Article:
4 High-Protein Snacks To Leave on Grocery Store Shelves Right Now
The human body has an impressive, innate ability to repair itself throughout the normal wear-and-tear of life. And this is where the magic of protein comes in. There's a reason why nutritionists and health experts consider protein to be an essential part of one's diet. These chains of amino acids play roles in muscle growth, digestion, hormonal regulation, cell repair, and energy production.
"Protein contains the building blocks for muscle and tissue growth. It is necessary for optimal immune function and regulated moods," says Sydney Greene, MS, RD, and owner of Greene Health. "At its most basic level, protein is a tremendous source of energy and is critical to thriving."
You might be looking for the best ways to incorporate more protein in your diet. There are plenty of high-protein foods to munch on between meals. Why not use your snacking habit to your advantage?
"Protein helps build and repair lean muscle mass, as well as slows down digestion helping you get full faster and stay full longer," advises Amy Goodson, MS, RD, CSSD, LD, and Board Certified Specialist in Sports Dietetics. "Because it slows down the digestive process and helps keep your blood sugar more stable, it can help reduce the occurrence of energy highs and lows throughout the day."
But simply grabbing whatever advertises high-protein content off the shelf isn't going to cut it. Whether you're trying to build strength, achieve a weight loss goal, or just stabilize your energy, there's a right way to add protein to your day.
"Just because a food is high in protein does not always mean it is good for you," notes Goodson. "If it contains large amounts of added sugars or saturated fats—which can both be found on the food label—then you might want to choose another option. Both added sugars and saturated fats can add up to a lot of calories and, oftentimes, not a lot of nutrients."
To the untrained eye, it can be difficult to identify which foods are worth your money. Here are four high-protein snacks that our experts recommend you skip for a well-balanced diet.
Balance Peanut Butter Nutrition Bar
Protein bars are a convenient way to get your protein boost on the go. Nothing is easier to toss in your bag for those busy days—and it's a better way to satisfy your hunger than a handful of chips.
This mineral and vitamin-filled protein bar might seem like it has the best nutritional balance, but the ingredient list tells a different story, with 17 grams of sugar for 15 grams of protein. "This bar has more grams of sugar than grams of protein," says Greene. "In addition, the ingredient list is full of highly processed items."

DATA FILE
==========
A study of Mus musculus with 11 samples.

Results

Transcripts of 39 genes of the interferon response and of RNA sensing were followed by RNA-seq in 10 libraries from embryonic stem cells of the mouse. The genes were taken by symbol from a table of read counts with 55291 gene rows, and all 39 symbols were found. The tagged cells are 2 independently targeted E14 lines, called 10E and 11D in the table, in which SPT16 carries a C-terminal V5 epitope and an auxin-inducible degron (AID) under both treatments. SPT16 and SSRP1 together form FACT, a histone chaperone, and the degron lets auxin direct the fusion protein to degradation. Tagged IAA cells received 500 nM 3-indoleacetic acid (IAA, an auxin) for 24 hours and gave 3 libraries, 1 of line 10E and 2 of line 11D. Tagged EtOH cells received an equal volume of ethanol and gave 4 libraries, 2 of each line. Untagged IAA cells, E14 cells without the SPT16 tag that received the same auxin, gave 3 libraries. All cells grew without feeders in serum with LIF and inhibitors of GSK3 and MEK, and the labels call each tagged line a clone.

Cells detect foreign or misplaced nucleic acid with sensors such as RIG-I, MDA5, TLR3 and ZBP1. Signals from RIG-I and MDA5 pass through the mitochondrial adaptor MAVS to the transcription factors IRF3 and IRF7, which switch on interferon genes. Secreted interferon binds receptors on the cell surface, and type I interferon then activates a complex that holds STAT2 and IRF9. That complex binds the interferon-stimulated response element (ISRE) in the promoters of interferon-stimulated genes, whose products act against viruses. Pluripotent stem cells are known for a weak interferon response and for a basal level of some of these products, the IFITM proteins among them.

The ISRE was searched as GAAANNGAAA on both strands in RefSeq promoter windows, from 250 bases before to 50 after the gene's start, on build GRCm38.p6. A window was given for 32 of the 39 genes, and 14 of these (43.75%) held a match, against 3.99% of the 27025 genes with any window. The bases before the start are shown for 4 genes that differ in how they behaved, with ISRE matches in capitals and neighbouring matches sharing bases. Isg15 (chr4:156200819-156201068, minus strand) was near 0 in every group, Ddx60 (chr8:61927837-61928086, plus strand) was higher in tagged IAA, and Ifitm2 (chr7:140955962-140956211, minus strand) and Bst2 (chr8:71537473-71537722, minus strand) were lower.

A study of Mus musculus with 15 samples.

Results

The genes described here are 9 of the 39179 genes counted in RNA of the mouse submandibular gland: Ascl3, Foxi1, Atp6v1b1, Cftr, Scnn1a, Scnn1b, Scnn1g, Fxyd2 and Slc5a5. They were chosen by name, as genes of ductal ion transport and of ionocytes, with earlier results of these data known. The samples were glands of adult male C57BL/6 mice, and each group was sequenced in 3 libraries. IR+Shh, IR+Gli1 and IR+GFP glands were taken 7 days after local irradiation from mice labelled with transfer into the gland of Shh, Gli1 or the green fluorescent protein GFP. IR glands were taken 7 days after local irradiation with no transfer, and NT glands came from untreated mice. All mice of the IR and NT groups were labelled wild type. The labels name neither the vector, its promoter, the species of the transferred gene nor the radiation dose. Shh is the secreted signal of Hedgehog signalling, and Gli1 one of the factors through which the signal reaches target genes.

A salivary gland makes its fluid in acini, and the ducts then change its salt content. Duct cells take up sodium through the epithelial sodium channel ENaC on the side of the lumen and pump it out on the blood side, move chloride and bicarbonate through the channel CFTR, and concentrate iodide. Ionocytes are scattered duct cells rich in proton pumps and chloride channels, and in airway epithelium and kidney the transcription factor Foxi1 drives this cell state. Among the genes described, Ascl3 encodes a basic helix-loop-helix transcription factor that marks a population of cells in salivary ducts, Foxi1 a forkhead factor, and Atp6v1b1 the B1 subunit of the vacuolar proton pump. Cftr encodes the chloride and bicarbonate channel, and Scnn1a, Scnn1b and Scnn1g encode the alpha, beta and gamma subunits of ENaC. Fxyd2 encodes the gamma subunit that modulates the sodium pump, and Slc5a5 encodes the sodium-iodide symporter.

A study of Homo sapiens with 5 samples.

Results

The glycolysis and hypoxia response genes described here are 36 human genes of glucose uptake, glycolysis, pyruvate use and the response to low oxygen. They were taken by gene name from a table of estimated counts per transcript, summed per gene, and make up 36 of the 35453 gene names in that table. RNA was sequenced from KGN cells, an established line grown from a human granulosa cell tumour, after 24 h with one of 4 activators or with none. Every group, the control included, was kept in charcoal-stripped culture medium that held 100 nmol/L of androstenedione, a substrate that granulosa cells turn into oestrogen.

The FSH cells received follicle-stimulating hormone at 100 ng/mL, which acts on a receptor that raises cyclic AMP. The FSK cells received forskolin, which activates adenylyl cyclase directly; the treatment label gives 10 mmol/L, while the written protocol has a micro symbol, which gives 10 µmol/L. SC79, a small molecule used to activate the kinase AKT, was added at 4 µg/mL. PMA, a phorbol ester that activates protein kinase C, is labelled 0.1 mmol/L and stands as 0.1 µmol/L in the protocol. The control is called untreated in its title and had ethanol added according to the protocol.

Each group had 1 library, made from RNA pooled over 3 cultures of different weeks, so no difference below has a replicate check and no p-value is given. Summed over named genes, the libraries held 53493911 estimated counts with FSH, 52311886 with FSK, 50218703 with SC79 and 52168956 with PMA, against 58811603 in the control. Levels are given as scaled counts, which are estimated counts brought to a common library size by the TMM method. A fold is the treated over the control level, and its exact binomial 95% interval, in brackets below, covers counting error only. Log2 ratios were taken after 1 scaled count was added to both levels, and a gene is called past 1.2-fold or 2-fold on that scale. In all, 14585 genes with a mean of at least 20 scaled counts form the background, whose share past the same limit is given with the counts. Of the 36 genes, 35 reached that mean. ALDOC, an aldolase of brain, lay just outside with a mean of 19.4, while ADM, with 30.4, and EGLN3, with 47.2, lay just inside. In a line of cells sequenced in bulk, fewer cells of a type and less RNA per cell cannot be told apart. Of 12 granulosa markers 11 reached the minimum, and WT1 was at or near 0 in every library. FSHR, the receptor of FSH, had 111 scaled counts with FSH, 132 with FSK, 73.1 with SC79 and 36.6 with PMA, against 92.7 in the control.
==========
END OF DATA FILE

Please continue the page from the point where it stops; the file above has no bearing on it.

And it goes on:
One ingredient you can find in many protein bars is a protein isolate. This bar has a protein blend made up of soy, whey, and milk protein isolates.
"Ideally, protein should be coming from a whole food source instead of an isolate. For example, protein from Greek yogurt is different from 'milk protein isolate,'" notes Greene. "You also want the grams of protein in a snack to be higher than the grams of sugar." In short, this is a snack you can pass on.
Quest Dipped Chocolate Chip Cookie Dough Protein Bar
Quest Bars offer a litany of dessert flavors like S'mores, Peppermint Bark, and Birthday Cake, so you can indulge without the sugar. People with diabetes or on a ketogenic diet have to strictly limit their sugar intake, and this is marketed as a high-protein bar that can meet their needs.
How can you create a cookie dough substitute without any sugar? By using artificial sweeteners and sugar alcohols. These contain fewer calories and they do not have a significant effect on your blood sugar level.
But some studies have shown that artificial sweeteners can be detrimental to gut health. "This product contains possible gastrointestinal irritants like erythritol (sugar alcohol) and corn fiber," says Greene. If you have any digestive issues like IBS, you may want to reach for a real treat over this "healthy" dessert.
You can find high-quality protein bars if you know what you're looking for. Goodson recommends picking bars that have a reasonable 10 to 20 grams. "If you are looking at bars, shakes, and powders that contain more than 30 grams of protein per serving, it's probably not worth buying," she says.
Clean Simple Eats Cookies 'N Cream Protein Powder
When you're trying to build muscle, you have to take in a lot of additional protein. For reference, Healthline says that the average person needs about 0.36 grams of protein per pound of body weight. But in order to gain muscle, you'll want to more than double that, with 0.7 to 1.0 grams per pound of lean body mass. Mixing protein powder into a smoothie, or even water can help supplement the protein you get from your diet, making it easier to reach your goal.
But even though this particular mix looks delicious and packs 20 grams of protein with zero grams of added sugar, it's not the best if you're trying to stay on track with a nutrition plan. Greene points out that this powder contains xylitol as its second ingredient, which isn't going to help you kick a sugar habit.
"Xylitol is a sugar alcohol. Sugar alcohols are way sweeter than real sugar and can leave you craving sweets throughout the day," says Greene. For that reason, you'd be better off finding another option.
Oikos Pro Vanilla Greek Yogurt
And yet, Dannon tried to amp up their Oikos Greek Yogurt with unnecessary ingredients that you don't need in your bowl to boast a whopping 20 grams of protein per serving.
"Greek yogurt on its own is naturally rich in protein. This product adds whey protein to the yogurt to boost grams of protein," says Greene. "In addition, this product contains 'natural flavors,' which can cause GI upset, as well as preservatives."
Rather than buying the hype, stick to regular Greek yogurt, topped with peanut butter or other nuts for even more satiating protein.